FEATURE STORY

Forests: Stabilizing Climate and Supporting Development

November 8, 2016



STORY HIGHLIGHTS
  • Over 100 countries included actions related to land-use change and forests in their nationally determined contributions to fight climate change
  • Investing in forests has the potential to reduce poverty, drive sustainable development and provide vital local and global environmental services
  • The World Bank Group supports forest initiatives in Ethiopia, Democratic Republic of Congo and Mozambique that can help these countries meet their climate and development goals

With the Paris Agreement entering into force last week, negotiators at this year’s UN climate meeting (COP22) in Morocco are getting to work on the specific rules and guidance that will translate Paris commitments into action. Achieving the Agreement goals will require a strong focus on protecting, restoring, and sustainably managing all types of forests. 

Deforestation, forest degradation, and land use change account for around 12% of all greenhouse gas emissions on the planet, so it’s clear that forests will play a critical role in helping countries meet their nationally determined contributions to fight climate change.  The World Bank Group supports work with countries to meet these targets and address the impacts of climate change through its forest programs.

Last month, the BioCarbon Fund Initiative for Sustainable Forest Landscapes (ISFL), along with the International Finance Corporation (IFC, the World Bank Group’s private sector arm) signed its first public-private partnership deal with Nespresso. The ISFL will provide $3 million through the IFC to Nespresso to support training activities implemented by the non-profit organization TechnoServe in Ethiopia.

Through the program, 20,000 farmers will be trained on standards for sustainable production and processing of coffee beans over two years. Assistance will also be provided to improve the operations of 77 wet mills (where coffee cherries are sorted through immersion in water) that process sustainably produced coffee. This landmark deal will be combined with a $3 million loan funded by the IFC.

As part of the deal with IFC, the project supports planting shade trees on coffee farms, which helps keep the microclimates in which the coffee grows cooler, in turn boosting productivity. The new shade trees can also restore degraded areas by reducing soil erosion, providing habitats for a wider variety of species, and improving water retention. And the carbon sequestered in the tree trunks, branches and leaves also helps address climate change. The results of this work will benefit farmers as well as reduce pressure on forests for agricultural land.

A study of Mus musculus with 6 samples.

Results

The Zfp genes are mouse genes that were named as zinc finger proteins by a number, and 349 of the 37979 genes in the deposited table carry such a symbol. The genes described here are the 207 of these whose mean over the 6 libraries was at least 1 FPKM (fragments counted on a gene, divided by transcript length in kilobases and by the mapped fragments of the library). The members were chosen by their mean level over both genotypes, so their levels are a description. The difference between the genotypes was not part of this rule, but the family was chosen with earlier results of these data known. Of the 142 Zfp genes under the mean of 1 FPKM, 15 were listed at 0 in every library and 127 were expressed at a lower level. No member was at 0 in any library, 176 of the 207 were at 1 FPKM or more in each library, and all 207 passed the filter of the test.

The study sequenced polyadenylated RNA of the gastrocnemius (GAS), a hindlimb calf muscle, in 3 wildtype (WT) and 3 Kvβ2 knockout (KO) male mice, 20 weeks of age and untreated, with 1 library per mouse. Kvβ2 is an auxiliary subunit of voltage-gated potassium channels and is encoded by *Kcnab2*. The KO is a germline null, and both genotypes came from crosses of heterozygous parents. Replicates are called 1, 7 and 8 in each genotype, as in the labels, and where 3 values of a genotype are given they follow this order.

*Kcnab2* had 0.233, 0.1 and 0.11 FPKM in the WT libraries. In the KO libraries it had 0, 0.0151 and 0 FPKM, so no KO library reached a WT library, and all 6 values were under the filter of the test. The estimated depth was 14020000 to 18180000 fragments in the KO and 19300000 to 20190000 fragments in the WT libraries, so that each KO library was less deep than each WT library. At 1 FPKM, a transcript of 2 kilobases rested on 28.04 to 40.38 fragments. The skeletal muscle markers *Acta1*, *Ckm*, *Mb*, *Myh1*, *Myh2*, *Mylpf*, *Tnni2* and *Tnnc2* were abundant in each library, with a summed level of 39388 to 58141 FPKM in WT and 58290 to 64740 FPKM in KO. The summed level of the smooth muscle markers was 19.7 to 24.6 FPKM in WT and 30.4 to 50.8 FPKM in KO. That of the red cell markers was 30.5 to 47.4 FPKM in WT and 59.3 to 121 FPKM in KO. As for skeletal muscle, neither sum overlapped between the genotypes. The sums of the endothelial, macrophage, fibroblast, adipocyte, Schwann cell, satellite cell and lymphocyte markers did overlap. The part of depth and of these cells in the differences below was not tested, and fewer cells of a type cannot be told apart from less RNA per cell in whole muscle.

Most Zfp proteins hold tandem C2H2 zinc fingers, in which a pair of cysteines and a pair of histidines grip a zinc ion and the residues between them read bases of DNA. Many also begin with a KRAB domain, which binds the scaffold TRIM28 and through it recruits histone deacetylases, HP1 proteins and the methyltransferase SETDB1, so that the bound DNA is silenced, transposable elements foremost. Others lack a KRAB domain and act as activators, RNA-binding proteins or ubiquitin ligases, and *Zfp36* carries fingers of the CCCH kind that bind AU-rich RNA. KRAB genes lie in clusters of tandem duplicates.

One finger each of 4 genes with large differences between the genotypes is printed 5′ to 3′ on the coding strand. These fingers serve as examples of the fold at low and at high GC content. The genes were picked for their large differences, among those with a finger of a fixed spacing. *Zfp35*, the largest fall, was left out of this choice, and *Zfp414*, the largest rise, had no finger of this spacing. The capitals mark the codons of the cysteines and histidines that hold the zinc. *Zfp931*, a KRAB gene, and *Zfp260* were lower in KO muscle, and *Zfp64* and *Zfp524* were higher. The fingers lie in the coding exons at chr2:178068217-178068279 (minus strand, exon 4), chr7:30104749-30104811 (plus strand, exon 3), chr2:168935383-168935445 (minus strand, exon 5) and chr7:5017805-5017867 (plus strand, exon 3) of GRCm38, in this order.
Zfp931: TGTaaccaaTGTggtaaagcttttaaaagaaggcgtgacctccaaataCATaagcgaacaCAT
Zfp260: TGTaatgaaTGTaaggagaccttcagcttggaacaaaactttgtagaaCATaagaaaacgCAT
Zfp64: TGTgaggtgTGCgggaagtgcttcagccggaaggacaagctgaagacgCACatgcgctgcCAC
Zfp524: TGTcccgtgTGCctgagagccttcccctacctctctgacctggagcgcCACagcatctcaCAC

In participation with the Bank’s Forest Carbon Partnership Facility, the Democratic Republic of Congo (DRC), home to the second largest tropical forest in the world, presented the first-of-its-kind, large-scale program to curb forest loss and to improve the livelihoods of indigenous peoples and local communities in June.  The work focuses on reducing emissions from deforestation and forest degradation through results-based finance (known as REDD+). With this program, the DRC signaled the momentum to deliver on their national climate change commitments under the Paris Agreement.

The DRC initiative, in the Mai Ndombe region, encompasses 12.3 million hectares total (9.8 million of which are forest) and will focus on activities to address slash-and-burn agriculture, charcoal production, and logging, along with other drivers of deforestation. Collaboration with forest dwellers, NGOs and local communities have been an important part of the design of the initiative, and consultation plans have been validated by these groups to ensure active participation in decision making.

In Mozambique, an integrated portfolio of forest and landscape investments is helping to generate jobs and improve food security for rural communities, while delivering on its commitments to reduce deforestation by 40% and restore 1 million hectares of degraded forest and land. The Mozambique Conservation Areas for Biodiversity and Development Project, known as MozBio, is strengthening biodiversity conservation while creating sustainable livelihoods for local communities and growing tourism opportunities. The Mozambique Agriculture and Natural Resources Landscape Management Project is assisting rural communities with land titles, building value chains, increasing market access, and restoring degraded lands, impacting more than 20,000 households, particularly women.

An investment from the Forest Investment Program, a funding window of the Climate Investment Funds, will help tackle thorny issues of forest sector governance and help address illegal logging, the source of 90% of all traded wood. Combined, these investments, representing $140 million, will transform the landscapes in Mozambique, with carbon emission reductions rewarded by results-based payments through the Zambezia Integrated Landscape Program.

Investing in forests and trees has the potential to reduce poverty, drive sustainable development and provide vital local and global environmental services that matter for our planet. And, while there are still many unknowns when it comes to how the climate targets laid out in Paris will be met over the decades to come, these countries are showing that taking forest action now is an important first step.